Now that the New Year has passed, we can look forward and formulate our expectations for the upcoming 12 months. The number one factor which will determine how our future plays out, is the state of the economy … nothing else even comes close.


I’ll leave the economic prognostications to the “experts,” because that’s what they get paid to do. Although, it seems my opinion is as valid as their theories; after all, what is a theory? Nothing but a calculated guess. Economists sound impressive with their charts and graphs, but economics is nothing more than cult-like religion masquerading as empirical fact. Some even suggest it’s an out right fraud.

In any case, recent history has clearly demonstrated the so called experts are wrong as often as they are right. So this has to be taken into account before bestowing oracle like status on these people.

On the national level, a few things are certain; the economy will continue to sputter as long as we have two wars draining our treasury. Until we find a way to declare victory and flee with our tail between our legs, we will continue to deplete resources better used rebuilding the crumbling infrastructure of this country

In addition, we have serious problems with our economy which go back over 30 years. For example, the fact that we have been hemorrhaging middle class jobs overseas for decades due to massive trade imbalances. Everyone talks about the need to get people back to work, but lack a tangible plan to create good paying jobs for the unemployed.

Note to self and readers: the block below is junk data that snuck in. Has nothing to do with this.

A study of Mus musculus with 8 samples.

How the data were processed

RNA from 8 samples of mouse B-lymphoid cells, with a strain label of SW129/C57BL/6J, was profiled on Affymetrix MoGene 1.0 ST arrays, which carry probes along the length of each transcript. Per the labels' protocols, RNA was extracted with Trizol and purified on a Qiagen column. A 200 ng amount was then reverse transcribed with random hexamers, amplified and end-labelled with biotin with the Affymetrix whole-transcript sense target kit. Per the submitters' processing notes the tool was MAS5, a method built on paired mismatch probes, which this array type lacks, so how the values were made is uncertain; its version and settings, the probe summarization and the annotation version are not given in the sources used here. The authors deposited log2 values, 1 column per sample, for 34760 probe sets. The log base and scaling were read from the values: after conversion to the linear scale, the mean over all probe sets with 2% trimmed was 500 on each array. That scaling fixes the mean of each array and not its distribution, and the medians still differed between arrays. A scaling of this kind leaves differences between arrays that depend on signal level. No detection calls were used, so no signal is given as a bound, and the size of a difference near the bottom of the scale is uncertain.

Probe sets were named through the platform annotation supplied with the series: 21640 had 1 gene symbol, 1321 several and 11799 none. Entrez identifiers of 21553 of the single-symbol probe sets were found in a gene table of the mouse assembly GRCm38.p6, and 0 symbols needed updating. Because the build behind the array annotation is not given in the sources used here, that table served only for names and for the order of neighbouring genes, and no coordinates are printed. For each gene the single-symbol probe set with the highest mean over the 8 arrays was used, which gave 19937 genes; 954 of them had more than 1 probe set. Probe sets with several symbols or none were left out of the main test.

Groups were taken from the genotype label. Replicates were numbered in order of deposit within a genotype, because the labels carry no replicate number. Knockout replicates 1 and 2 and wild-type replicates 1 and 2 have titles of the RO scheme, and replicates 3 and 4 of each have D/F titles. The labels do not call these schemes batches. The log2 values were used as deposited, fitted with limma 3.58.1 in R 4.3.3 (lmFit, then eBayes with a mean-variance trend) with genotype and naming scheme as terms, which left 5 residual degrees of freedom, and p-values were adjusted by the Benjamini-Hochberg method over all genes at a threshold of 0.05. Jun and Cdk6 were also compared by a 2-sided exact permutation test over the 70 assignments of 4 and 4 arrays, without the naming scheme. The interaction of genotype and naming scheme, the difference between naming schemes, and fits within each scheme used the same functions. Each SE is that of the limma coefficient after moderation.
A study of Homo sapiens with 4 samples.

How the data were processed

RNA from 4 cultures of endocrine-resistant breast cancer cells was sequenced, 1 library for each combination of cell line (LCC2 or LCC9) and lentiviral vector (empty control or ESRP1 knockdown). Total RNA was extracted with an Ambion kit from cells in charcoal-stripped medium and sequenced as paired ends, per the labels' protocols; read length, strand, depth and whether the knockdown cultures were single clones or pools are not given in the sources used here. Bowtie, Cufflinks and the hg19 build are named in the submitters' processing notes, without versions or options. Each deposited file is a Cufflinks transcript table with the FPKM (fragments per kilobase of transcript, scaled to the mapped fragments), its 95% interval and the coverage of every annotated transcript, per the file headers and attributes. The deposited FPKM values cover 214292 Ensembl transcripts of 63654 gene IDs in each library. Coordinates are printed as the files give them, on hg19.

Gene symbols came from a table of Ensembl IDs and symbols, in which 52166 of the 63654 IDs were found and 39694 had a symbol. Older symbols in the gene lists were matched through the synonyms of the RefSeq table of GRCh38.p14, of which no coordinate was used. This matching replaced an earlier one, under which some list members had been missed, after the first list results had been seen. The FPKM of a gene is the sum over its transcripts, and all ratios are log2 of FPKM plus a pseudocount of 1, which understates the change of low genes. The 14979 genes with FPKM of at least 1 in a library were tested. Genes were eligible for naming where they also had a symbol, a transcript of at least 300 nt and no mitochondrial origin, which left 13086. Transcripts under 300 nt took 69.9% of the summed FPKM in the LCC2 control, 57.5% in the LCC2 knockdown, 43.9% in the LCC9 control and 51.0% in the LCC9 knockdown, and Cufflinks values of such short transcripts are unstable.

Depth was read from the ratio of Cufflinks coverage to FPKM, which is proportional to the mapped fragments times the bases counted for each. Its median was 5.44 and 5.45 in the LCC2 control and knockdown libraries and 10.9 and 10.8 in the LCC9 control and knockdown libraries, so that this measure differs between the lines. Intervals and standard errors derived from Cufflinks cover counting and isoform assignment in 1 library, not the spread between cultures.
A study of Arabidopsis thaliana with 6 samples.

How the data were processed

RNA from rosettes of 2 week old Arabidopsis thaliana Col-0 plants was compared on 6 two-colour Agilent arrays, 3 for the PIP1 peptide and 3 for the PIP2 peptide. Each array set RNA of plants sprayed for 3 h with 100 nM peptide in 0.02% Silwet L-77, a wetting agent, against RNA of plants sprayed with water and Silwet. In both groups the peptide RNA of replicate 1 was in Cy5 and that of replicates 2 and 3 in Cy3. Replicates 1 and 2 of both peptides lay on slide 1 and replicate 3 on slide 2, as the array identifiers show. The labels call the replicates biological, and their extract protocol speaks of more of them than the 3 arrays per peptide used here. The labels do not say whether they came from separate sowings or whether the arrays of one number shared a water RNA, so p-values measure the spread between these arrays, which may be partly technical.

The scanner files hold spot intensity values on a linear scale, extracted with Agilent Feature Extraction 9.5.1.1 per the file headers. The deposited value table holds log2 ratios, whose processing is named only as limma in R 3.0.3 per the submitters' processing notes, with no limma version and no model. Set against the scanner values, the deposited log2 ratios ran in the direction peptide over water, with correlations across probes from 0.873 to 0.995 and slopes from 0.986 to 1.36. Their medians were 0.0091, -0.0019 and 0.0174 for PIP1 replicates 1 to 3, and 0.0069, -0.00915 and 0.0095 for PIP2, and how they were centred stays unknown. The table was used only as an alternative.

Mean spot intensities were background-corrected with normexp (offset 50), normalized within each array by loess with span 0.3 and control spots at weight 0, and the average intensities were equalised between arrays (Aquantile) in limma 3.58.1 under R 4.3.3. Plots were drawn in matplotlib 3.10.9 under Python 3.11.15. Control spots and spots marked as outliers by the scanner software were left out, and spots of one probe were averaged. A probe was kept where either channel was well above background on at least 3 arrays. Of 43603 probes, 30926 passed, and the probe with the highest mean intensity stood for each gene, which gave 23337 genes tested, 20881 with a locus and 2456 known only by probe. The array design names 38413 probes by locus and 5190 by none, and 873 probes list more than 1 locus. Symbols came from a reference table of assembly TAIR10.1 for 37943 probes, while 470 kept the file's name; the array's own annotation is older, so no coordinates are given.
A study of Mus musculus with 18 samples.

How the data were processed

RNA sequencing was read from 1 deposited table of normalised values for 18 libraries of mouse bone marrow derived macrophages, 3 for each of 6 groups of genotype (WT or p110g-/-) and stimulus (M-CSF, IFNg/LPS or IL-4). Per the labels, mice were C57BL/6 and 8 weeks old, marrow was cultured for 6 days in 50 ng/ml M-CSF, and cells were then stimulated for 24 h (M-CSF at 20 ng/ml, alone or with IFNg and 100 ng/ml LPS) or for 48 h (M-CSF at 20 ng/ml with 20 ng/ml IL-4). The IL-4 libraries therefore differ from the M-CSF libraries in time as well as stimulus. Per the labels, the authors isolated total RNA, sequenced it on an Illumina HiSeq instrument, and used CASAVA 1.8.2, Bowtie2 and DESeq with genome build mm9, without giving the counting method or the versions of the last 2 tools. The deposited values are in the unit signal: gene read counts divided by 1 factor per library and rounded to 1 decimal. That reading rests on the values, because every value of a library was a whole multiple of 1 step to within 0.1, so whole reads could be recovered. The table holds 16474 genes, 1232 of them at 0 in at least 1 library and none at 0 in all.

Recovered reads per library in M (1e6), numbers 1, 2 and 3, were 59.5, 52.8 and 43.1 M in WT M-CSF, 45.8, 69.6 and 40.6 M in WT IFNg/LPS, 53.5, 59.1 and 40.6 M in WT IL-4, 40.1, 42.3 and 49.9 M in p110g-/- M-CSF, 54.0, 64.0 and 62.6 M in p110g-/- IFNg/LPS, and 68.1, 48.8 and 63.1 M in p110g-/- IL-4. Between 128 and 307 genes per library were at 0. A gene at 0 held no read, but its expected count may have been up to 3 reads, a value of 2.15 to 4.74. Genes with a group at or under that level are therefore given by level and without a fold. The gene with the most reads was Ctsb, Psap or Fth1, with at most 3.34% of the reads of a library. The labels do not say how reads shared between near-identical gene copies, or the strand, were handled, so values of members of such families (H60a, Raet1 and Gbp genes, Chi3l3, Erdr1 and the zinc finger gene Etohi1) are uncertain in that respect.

The one tired scheme they keep recycling, is reduced taxes on rich folks. We tried that during the Bush administration and ended up with a worse economy and massive budget deficits. It’s funny, but that horrible, tax-and-spend liberal Bill Clinton, raised taxes on the rich and left office with a budget surplus. Not only that, but we experienced the largest peacetime growth in the economy in our history; even though economists stated emphatically at the time it would ruin the economy. I remember the 90s very well, and I don’t know about you, but I wouldn’t mind returning to a Clinton era economy. America works best when we reward hard work and innovation, not pampering the idle rich, they don’t need it, they’re born with enough pre-installed advantages.

Here in Chicago there are also a few things we can expect to remain a factor. Exhibitors struggling with the pinch of the economy will continue to pressure for additional cost reductions. Momentum is on their side and they have the leverage to maintain this trend. Like any smart business they will continue to push their advantage and test the limits of their new found confidence to dictate direction toward lower costs.

Additionally, the tradeshow business continues to evolve, and those who adapt will thrive by finding innovative solutions to challenges as they emerge. Tradeshows have been around for a long time, through recessions, depressions, wars and temporary fads. It’s not a glamorous business but the health of the economy depends on us, just like we depend on it.

While we are an essential ingredient of a healthy economy, the majority of the population drives past convention centers blissfully unaware of what happens inside, and how much it effects their lives. We don’t receive much fanfare, and we don’t expect it … have a prosperous New Year.